Corps of Engineers park rangers on the front line of invasive mussel fight in California
April 30, 2009
- Park rangers at the Sacramento District's 10 parks working to prevent spread of invasive species
- Cooperative effort uses mussel detection stations provided by California Department of Fish and Game
- Englebright Lake received a second mussel detection station in April
ENGLEBRIGHT LAKE, Calif. (April 28, 2009) -- It's small - just a few sheets of plastic strung together - but it's playing a big part in preventing the spread of invasive zebra and quagga mussels into U.S. Army Corps of Engineers-managed lakes in California.
Corps of Engineers park rangers throughout the Sacramento District's 10 recreation parks are monitoring these simple mussel detection stations for any signs of an infestation, as part of the District's participation in the California Department of Fish and Game's Invasive Species Program.
The Sacramento District's Englebright Lake received its second mussel detection station April 16. Program managers there and at other Corps parks check them monthly and coordinate their findings with Fish and Game, the lead agency in California for fighting mussel infestation.
Both mussel species are believed to have been introduced into American waters by shipping traffic in the Great Lakes, according to the U.S. Geological Survey. They're most commonly spread when infested boats enter non-infested waters, or through waterways connected to infestation sites.
Zebra mussel infestation in the Great Lakes has caused billions of dollars in damage, both in direct clean-up costs and related economic losses. And while most infestations are in the eastern United States, quagga mussels have also overtaken the Colorado River in the West, USGS reports. Since 2007, 19 quagga populations have been found in California reservoirs, says Fish and Game public information officer Alexia Retallack.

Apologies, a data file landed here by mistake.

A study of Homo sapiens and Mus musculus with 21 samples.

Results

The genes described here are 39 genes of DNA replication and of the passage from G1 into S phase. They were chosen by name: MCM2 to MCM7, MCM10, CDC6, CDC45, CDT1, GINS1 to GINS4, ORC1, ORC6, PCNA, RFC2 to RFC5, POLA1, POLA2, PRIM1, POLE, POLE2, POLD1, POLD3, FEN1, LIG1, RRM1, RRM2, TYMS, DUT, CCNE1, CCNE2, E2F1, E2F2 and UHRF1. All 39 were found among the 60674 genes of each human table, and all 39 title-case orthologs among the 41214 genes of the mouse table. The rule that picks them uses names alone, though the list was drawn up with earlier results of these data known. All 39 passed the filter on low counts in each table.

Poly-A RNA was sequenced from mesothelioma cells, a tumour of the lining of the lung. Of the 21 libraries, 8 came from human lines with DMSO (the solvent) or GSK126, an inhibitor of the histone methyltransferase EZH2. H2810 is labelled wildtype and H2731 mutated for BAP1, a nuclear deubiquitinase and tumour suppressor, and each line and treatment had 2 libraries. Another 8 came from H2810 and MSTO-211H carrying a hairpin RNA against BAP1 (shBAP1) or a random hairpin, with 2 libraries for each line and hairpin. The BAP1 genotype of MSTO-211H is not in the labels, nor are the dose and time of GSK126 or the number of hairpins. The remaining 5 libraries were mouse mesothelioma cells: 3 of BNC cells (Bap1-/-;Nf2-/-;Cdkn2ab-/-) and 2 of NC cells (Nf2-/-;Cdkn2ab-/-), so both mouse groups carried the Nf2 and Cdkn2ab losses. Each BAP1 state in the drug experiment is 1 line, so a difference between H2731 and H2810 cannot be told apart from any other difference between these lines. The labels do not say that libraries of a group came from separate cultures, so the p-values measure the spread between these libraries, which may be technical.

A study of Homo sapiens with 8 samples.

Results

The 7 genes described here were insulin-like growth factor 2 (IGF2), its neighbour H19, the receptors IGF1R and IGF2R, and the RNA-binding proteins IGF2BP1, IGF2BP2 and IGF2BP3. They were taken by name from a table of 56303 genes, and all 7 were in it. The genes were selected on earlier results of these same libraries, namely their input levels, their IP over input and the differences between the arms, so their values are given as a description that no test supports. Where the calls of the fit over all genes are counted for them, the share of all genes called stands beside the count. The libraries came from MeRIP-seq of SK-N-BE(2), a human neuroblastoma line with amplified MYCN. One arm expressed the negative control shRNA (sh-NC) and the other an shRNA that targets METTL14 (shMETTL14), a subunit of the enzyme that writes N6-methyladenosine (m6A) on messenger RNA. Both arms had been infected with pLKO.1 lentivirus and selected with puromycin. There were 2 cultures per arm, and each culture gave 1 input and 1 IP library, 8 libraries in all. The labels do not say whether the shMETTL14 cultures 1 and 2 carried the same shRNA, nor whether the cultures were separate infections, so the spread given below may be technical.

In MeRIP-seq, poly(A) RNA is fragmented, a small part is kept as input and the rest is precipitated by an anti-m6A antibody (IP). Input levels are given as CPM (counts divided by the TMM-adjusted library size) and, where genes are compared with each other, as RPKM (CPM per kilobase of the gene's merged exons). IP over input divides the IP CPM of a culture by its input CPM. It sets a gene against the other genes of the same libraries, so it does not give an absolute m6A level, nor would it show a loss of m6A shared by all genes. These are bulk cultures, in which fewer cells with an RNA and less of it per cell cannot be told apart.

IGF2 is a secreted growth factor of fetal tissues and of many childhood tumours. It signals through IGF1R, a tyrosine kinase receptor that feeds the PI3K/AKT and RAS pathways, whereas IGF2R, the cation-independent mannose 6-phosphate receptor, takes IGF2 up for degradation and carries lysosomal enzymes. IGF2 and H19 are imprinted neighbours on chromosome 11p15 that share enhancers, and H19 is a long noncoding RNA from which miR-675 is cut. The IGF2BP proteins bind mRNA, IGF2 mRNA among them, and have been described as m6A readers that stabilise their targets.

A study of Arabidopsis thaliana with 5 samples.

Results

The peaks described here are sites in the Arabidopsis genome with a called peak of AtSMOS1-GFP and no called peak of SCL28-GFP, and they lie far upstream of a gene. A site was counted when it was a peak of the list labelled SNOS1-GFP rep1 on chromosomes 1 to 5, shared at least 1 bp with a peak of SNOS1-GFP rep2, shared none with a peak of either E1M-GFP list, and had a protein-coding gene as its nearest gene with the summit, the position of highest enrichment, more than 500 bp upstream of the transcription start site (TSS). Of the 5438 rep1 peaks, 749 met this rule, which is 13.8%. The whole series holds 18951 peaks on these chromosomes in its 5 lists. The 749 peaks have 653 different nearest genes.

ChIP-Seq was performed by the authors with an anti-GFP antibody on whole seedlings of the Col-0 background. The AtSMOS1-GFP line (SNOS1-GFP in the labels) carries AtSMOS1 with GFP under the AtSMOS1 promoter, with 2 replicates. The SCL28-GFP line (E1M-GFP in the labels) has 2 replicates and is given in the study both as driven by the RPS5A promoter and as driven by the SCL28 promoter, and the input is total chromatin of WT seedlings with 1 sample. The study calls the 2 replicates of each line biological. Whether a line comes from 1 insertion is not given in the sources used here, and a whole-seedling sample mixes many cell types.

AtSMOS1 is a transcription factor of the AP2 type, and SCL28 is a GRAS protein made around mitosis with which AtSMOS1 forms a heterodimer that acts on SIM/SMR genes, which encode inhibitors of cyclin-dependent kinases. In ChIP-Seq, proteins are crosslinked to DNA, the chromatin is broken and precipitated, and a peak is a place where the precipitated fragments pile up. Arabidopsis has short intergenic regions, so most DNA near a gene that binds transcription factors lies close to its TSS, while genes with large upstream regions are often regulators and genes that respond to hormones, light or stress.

"Prevention is key and the best option," Retallack says. "But early detection can greatly assist in stopping further spread, allowing water managers to move more quickly to reduce exposure risk."
That's where the mussel detection stations come in. Both species attach to whatever surfaces they can, so if there are mussels in the water, they'll turn up on the detection station. Regular monitoring of the stations by Corps of Engineers park rangers give officials the best chance for containing an infestation. But park rangers are also focusing on infestation prevention, by inspecting boats and educating visitors about the risks of mussel infestation and how they can help stop it.
"It's a serious threat," says Englebright's mussel detection program manager, Senior Ranger Skip Siversten. "And we're committed to working with our partners and the public to prevent it the best we can."
Such cooperation, Retallack says, is exactly what's needed to fight mussel infestation.
"The task of prevention, containment and control is far greater than any one agency could possibly handle," says Retallack. "By working together, federal, state, and local agencies throughout California can share information, maximize resources, and prevent the spread of the mussels."